I wonder if the SAT wants to play the role of Brutus on this Ides of March!
The answer is E. This question sure doesn’t stab us in the back! It’s not bad. The topic of the sentence is how the two speakers dislike one another but they were in agreement on several issues. The key word although and phrases disliked one another and avoid petty squabbling helped us predict a first word that means they were expected to squabble and a second word that meant they agreed. Using the second word first (purely a matter of what word I wanted to play with), led me to accord, answer E, since none of the other answers were synonyms for my prediction, agree. So, I am done and can pick answer E. If I hadn’t known one of the other second words, for example, dissonance, I would have had to leave answer C in the running. Then the first words for answers C and E would have helped. Debate doesn’t mean the speakers didn’t get along. So I’m still left with E. The first word, bicker, supports my decision since it means squabble or let’s me know they didn’t get along. Finally, when I check my choice by reading the sentence using my answers, it sounds good. In fact, it is perfect!
Here’s an important characteristic of the test that is exemplified by this question. Sometimes you get the right answer for the two-blank questions by picking the right word for just one column because there is only one synonym and the other four answers are wrong! That’s a long ways from a stab in your back. It’s like a big hug!!
If you aren’t familiar with the Ides of March reference and the stab in the back, that was when Julius Ceaser was assassinated by his “pal,” Brutus. Check it out on Wiki.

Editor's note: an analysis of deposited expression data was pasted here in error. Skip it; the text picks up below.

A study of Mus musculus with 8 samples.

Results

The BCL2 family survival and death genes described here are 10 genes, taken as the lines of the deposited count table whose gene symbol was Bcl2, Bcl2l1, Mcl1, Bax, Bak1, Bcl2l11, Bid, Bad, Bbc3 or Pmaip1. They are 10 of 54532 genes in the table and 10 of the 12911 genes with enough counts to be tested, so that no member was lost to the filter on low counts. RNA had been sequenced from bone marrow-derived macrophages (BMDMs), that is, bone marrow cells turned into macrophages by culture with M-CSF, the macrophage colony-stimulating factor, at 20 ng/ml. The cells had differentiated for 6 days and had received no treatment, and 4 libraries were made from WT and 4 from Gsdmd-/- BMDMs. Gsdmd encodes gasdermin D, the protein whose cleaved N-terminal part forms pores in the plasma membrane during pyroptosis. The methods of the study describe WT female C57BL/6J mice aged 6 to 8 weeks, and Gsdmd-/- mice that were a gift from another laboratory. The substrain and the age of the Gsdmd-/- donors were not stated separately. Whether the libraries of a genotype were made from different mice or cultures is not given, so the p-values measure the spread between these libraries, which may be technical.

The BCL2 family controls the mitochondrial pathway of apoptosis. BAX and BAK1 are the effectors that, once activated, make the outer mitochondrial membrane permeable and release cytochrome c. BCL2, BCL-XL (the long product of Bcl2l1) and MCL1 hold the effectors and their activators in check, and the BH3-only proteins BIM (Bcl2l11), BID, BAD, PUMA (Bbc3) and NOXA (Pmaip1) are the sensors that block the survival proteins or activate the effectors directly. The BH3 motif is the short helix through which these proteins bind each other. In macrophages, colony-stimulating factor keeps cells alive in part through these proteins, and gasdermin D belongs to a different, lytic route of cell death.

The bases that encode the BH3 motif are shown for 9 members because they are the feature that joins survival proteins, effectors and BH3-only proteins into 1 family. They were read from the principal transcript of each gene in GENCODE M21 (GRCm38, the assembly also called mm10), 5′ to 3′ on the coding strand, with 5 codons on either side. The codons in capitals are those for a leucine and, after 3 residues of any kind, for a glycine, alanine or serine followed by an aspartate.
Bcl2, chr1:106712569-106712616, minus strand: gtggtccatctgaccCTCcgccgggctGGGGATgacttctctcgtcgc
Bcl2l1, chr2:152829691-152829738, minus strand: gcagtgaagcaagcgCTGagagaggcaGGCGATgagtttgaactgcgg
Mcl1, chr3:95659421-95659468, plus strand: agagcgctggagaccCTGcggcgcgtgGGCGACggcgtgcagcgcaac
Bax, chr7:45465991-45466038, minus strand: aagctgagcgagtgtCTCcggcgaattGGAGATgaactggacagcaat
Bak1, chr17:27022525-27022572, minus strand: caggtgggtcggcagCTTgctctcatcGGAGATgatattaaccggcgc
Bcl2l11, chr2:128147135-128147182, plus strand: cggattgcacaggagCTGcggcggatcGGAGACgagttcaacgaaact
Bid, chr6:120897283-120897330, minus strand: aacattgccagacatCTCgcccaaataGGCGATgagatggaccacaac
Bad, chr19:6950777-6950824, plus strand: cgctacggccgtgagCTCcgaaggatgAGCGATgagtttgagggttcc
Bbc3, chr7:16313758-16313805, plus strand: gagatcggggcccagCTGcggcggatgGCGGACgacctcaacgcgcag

I wonder if the ACT folks are going to be as kind.
http://www.act.org/qotd/ (The ACT staff does not put a date on their questions so if you click on an archived blog, you’ll get today’s question and the old explanation. Sorry. The SAT staff has dated their questions; so, the archive is helpful. The ACT folks simply don’t do that.)
Well, yes and no is the answer to my question. It is one of the four trig questions that can show up on the test and it is moderately difficult and impossible if you don’t know the “Pythagorean identity.” (A stab in the back.) However, it isn’t difficult if you’ve been following my blog since they just asked this question recently!
The answer is F. The math is pretty simple if you know that sin2A + cos2A = 1. You can read their explanation which saves me typing all the exponents and radical signs.
I just wish the ACT folks would use some of the thousands of questions in their archives to give us some new materials. How hard would that be?